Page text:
Wanting Can’t be Hard-Coded, but Machines Already Want
March 10, 2014
You can’t program a computer with hard-coded instructions and expect it to be conscious or alive. A computer that just follows coded commands would at best be a philosophical zombie, but a conscious computer must somehow decide for itself what to do. It must pursue its own interests – not because someone told it to, but because it wanted to.
Can you program a computer to want? No. But the good news is that a computer already wants. That’s because wanting is a kind of motivation, or a kind of pressure pushing something forward. And a computer certainly has that! It’s called voltage.
Yes, I’m arguing that the voltage in an electronic computer is “wanting” in the same sense as our own wanting. We humans want because we have neuro-electric flows running through our brains and bodies, powered by the energy we get from eating food. In a similar way, computers have electricity flowing through their circuits, powered by an electrical generator.
The problem, of course, is that computers don’t want anything in particular. When computers follow our commands, the results they produce are an accidental by-product, from the computer’s point of view. They couldn’t care less. And most importantly, computers don’t care if they get turned off or not.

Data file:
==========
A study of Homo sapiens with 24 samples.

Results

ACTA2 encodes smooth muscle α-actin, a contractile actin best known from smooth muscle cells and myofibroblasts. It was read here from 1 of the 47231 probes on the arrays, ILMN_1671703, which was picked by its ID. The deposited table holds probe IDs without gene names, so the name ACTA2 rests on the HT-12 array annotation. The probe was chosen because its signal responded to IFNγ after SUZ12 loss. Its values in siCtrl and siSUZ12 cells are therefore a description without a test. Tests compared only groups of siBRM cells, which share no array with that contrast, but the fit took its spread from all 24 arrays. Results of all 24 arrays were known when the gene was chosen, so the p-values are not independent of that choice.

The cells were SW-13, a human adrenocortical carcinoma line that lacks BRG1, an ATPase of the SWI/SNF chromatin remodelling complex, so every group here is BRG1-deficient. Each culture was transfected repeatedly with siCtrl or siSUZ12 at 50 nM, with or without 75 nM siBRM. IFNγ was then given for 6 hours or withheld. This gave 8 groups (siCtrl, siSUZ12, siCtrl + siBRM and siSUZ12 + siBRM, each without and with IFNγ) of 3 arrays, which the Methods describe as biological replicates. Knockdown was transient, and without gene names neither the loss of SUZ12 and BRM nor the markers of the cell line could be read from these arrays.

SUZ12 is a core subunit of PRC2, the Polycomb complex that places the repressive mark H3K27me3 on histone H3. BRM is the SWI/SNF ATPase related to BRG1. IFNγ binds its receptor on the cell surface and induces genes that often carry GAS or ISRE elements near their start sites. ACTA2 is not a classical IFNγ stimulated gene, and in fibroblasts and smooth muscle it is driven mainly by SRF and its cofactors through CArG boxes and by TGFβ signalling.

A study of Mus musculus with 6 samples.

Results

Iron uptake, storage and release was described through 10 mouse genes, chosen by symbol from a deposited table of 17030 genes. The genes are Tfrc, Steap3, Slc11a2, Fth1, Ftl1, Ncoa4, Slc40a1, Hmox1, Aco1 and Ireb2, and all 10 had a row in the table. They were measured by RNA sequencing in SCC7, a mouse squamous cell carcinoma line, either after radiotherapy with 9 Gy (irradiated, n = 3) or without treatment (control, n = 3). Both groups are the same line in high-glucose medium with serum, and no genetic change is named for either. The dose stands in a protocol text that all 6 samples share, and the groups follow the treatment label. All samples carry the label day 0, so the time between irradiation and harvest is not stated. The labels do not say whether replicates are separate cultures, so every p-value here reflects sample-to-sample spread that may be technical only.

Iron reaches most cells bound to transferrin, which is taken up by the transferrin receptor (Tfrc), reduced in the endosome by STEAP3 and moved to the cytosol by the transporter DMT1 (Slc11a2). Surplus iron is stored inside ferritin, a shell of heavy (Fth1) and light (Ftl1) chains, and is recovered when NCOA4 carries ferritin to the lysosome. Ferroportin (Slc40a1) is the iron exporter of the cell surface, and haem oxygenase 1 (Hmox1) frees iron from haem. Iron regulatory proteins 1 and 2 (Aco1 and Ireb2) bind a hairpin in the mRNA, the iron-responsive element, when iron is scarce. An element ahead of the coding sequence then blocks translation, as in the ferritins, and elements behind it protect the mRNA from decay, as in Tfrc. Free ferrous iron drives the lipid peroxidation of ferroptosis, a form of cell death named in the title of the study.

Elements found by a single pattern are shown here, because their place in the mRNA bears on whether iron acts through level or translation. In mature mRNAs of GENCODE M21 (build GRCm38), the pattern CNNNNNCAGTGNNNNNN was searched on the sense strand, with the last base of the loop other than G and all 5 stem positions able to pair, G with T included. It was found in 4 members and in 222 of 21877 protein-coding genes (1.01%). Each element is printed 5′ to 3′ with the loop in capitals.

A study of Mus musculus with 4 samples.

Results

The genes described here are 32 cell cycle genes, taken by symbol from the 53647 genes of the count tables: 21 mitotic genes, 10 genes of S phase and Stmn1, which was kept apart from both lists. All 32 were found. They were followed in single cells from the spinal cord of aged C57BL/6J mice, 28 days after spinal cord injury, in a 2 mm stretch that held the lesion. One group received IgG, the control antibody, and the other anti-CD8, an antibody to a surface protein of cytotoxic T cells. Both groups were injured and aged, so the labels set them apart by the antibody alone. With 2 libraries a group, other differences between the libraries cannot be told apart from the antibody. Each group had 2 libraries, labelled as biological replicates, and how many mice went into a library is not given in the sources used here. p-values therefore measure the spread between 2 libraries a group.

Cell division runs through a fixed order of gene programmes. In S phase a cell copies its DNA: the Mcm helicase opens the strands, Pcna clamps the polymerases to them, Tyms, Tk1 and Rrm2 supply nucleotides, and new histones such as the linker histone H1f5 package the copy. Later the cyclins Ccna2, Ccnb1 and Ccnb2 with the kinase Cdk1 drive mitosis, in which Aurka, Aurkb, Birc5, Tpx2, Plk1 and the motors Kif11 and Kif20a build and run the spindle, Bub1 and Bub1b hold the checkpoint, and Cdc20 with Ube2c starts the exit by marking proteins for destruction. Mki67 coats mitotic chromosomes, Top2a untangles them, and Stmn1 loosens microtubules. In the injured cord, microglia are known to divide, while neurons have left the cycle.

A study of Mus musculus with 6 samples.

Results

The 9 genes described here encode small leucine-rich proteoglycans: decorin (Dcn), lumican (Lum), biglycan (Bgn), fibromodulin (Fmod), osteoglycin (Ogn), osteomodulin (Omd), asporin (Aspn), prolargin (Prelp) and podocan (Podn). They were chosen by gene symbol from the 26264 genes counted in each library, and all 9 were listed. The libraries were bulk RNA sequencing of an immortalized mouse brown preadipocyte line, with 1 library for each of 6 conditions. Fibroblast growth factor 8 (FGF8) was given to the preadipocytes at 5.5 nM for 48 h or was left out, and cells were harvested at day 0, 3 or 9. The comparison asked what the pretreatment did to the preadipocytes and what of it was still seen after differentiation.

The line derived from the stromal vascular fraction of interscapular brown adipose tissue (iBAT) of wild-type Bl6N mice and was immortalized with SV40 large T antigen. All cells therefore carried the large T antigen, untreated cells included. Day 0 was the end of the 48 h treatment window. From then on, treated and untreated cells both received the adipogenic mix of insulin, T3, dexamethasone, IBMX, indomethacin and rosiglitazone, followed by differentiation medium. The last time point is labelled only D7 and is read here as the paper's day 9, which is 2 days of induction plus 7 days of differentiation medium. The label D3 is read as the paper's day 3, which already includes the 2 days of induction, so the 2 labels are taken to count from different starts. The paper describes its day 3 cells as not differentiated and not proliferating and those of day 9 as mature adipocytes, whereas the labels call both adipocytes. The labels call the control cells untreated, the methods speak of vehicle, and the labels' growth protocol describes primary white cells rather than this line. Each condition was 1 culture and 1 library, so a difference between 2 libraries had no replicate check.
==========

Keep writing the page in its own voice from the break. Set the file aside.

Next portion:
Even worse – we can’t command them to want their own survival, because survival isn’t a specific action. It’s not a programmable function, but it’s more like a state of being. At best we could program a machine to perform various actions that tended to result in its survival, but in that case the machine would still just be following our commands blindly and surviving as a mere accidental by-product.
How can we create true AI? Somehow we need to connect the computer’s inherent “wanting” with its own survival. But again, we can’t do it ourselves. The computer’s own “wanting” must do the programming for itself.
And the way this can happen is only if the computer entity is a neural network that evolves by natural selection. (Lots more discussion in How to Build the AI.)